This blog is a tribute to this grand home and all those who who have ties to Laurelwood. As the grandaughter of Jasper Hampton Campbell who purchased Laurelwood in 1908, I have many wonderful memories as a young child visiting Laurelwood. We fondly called it "The Big House". There were Easter egg hunts on the front lawn, Christmas celebrations, Sunday dinners, and a lot of time rocking in the rocking chairs on the front porch as my aunts shared stories about life on the Laurelwood plantation. They talked to us about their experiences and shared stories that their parents told them of life and happenings in the lower richland area. Many of these stories have been forgotten. I hope to bring these great stories back to life and preserve them just as Laurelwood is being brought back to life and preserved. There are hidden treasures to be revealed. A legacy to be handed down and passed on.
Let me help you look past the physical imperfections that you notice on first glance to see the hidden beauty that's just waiting to be revealed once again. The stories and information shared here will link the past to the present. There is much to be learned and many memories to share so that all can see the true beauty of ....Laurelwood.

Sunday, November 28, 2010


It was a gorgeous, crisp late Fall day today, so after our family Sunday dinner, we decided to take a ride and see if I could remember where the old graveyard was that some of the Campbell family are buried at. I had not been to this graveyard since I was a child and I wasn't even sure if I could find it since it is located in an unmarked woodsy area. I was thrilled that we found it with only making 1 wrong turn.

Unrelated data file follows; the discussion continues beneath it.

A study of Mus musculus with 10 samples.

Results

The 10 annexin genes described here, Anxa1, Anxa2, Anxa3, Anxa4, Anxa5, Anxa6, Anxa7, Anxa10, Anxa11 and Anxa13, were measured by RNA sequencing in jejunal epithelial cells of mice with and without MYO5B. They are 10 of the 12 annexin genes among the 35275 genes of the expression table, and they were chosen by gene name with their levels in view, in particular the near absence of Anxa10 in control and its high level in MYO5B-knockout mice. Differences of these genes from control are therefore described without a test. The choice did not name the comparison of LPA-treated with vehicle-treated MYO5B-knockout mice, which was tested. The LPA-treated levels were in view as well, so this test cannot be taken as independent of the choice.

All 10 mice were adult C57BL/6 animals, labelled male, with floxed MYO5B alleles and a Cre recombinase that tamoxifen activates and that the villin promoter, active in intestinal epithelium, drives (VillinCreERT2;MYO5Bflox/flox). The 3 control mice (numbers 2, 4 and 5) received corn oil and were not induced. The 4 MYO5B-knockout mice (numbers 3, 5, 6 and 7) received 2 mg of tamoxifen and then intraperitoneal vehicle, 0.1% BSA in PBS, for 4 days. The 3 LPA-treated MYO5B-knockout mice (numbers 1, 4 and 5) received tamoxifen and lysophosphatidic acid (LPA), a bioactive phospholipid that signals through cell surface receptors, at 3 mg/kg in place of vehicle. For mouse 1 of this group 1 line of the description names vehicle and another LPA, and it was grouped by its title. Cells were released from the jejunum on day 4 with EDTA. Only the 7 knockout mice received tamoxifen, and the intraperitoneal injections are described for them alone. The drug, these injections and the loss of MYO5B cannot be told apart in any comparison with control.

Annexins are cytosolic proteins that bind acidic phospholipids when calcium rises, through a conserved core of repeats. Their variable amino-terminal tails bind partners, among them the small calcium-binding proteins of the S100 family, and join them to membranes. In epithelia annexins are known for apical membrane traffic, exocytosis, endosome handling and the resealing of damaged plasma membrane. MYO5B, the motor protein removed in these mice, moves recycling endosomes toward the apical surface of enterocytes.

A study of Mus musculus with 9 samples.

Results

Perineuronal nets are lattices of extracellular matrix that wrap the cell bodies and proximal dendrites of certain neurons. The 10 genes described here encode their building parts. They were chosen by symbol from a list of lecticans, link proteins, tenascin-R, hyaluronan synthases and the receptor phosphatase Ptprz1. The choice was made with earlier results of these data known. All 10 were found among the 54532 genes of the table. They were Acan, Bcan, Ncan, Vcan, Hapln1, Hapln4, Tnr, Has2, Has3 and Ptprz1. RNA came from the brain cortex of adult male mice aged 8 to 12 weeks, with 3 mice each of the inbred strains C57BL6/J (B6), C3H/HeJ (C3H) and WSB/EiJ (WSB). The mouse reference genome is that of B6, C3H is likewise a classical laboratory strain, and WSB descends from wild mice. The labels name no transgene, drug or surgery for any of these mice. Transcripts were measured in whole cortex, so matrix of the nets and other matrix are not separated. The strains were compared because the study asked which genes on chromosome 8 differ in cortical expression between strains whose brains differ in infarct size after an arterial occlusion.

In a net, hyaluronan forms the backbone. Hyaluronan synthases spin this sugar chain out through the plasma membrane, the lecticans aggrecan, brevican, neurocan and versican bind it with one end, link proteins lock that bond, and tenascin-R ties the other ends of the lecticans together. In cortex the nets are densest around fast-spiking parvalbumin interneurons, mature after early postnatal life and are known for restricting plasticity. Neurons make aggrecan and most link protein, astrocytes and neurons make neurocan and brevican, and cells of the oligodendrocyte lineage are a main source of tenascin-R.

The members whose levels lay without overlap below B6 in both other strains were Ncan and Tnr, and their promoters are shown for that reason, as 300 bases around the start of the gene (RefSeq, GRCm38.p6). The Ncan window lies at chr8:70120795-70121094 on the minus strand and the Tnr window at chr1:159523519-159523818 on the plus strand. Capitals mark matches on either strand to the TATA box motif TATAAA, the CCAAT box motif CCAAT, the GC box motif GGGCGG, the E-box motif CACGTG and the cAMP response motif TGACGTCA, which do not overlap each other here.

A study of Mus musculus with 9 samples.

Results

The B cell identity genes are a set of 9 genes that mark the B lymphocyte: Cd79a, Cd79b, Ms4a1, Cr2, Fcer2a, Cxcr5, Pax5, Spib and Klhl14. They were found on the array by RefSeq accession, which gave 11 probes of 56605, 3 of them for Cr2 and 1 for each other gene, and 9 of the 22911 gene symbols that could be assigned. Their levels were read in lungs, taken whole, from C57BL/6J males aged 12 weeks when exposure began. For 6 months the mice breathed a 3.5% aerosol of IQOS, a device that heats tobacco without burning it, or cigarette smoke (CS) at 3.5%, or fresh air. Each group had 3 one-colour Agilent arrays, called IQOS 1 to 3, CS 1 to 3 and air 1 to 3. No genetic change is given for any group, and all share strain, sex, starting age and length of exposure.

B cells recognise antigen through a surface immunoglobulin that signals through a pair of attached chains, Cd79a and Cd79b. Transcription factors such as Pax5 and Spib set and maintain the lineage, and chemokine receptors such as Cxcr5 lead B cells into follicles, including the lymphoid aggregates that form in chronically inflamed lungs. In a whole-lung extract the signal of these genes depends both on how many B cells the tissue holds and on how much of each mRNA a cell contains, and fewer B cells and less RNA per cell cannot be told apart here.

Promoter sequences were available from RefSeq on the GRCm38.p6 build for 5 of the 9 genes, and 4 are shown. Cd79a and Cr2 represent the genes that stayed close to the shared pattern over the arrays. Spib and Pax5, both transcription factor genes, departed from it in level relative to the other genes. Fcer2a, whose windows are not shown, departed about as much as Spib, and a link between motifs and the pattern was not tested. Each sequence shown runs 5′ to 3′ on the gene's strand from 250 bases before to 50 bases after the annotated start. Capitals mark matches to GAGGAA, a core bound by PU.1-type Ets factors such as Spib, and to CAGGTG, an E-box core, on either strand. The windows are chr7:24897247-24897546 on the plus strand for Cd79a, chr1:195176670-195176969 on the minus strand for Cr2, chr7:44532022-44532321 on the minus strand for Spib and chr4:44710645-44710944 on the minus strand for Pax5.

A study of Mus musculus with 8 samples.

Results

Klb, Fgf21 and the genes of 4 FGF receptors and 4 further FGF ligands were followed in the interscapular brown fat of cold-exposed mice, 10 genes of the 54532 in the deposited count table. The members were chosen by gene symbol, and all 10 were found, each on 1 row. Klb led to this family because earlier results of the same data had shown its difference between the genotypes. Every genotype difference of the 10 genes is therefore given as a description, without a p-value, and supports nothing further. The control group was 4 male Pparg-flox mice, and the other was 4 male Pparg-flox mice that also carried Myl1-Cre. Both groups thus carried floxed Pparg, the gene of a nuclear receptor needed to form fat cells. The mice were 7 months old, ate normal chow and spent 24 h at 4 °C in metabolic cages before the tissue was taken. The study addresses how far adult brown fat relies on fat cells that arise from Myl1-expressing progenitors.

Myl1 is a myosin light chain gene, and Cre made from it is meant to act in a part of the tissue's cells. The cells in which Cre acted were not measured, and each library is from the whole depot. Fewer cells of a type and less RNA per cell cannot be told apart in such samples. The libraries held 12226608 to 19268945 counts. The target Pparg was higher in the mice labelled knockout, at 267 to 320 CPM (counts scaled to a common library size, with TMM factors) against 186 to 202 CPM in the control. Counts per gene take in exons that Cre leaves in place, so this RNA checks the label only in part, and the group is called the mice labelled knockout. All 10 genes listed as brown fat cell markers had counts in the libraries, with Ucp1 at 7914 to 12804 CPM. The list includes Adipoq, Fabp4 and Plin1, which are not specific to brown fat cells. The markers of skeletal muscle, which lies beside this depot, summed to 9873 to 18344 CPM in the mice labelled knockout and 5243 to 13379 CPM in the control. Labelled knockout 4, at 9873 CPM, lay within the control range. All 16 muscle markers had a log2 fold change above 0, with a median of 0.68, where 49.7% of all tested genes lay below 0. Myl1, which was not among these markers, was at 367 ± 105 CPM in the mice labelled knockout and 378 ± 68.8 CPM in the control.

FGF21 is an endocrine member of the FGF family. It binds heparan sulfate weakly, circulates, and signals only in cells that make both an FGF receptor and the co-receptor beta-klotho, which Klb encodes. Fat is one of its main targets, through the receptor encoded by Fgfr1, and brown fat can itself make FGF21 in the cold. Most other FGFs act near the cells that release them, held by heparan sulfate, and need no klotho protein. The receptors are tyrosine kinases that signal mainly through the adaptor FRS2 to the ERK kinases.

Here is the grave of my great grandfather, Thomas Belton Campbell. He was a soldier in the Civil War. His sword used to be on display at The Big House.
Please excuse my poor photography, I am a work in progress, therefore I am always learning and improving. Below are the graves of my grandparents, Jasper and Minnie.

There were 3 graves together that were infant children of my grandparents.
Here are a few random shots to show the setting of this small family graveyard that's definitely off the beaten path.Look at the old wrought iron railing. The tombstones were unique with interesting inscriptions.
The place is very overgrown. I would not have ventured out of the car during the summer for fear of snakes.

2 comments:

  1. Let me start by saying i love this house i found it when my husband and i were looking for histoic homes to buy and when i came across this home my heart melted everypart of this home is so incredibly beautiful . I cant express my inner desire to purchase this home enough it sadens me we wont be able to for a number of years my husband is active duty navy right now in it for the long haul ten yrs left and with 2 amazing children one who is 4 months now owning a second home is a big step but ill have you know i have a savings account listed as the laurel wood fund ! its odd i have seen so many homes and for some reason i feel such a kinship to this home something about it calls to me . the history of this home is great and i love reading about your familys experience in the home and i love the pictures my husband and i would love to come and view the home soon im excited about the trip ! even if it will hectic with both kids it will be worth it to feel the home out in person ! thank you so much for sharing your story and the pictures with everyone here .

    I am so glad you came across my blog. Thank you for your comment! Laurelwood is a very special place. If houses could speak, this one would definitely have a lot to say!!! I hope you will get to come and view the home. I am grateful for those who can see the magnificent beauty of this home even in it's state of neglect & disrepair. She is still an incredibly beautiful home! Blessings to you & your family & a big THANK YOU to your husband and your family as you serve out country!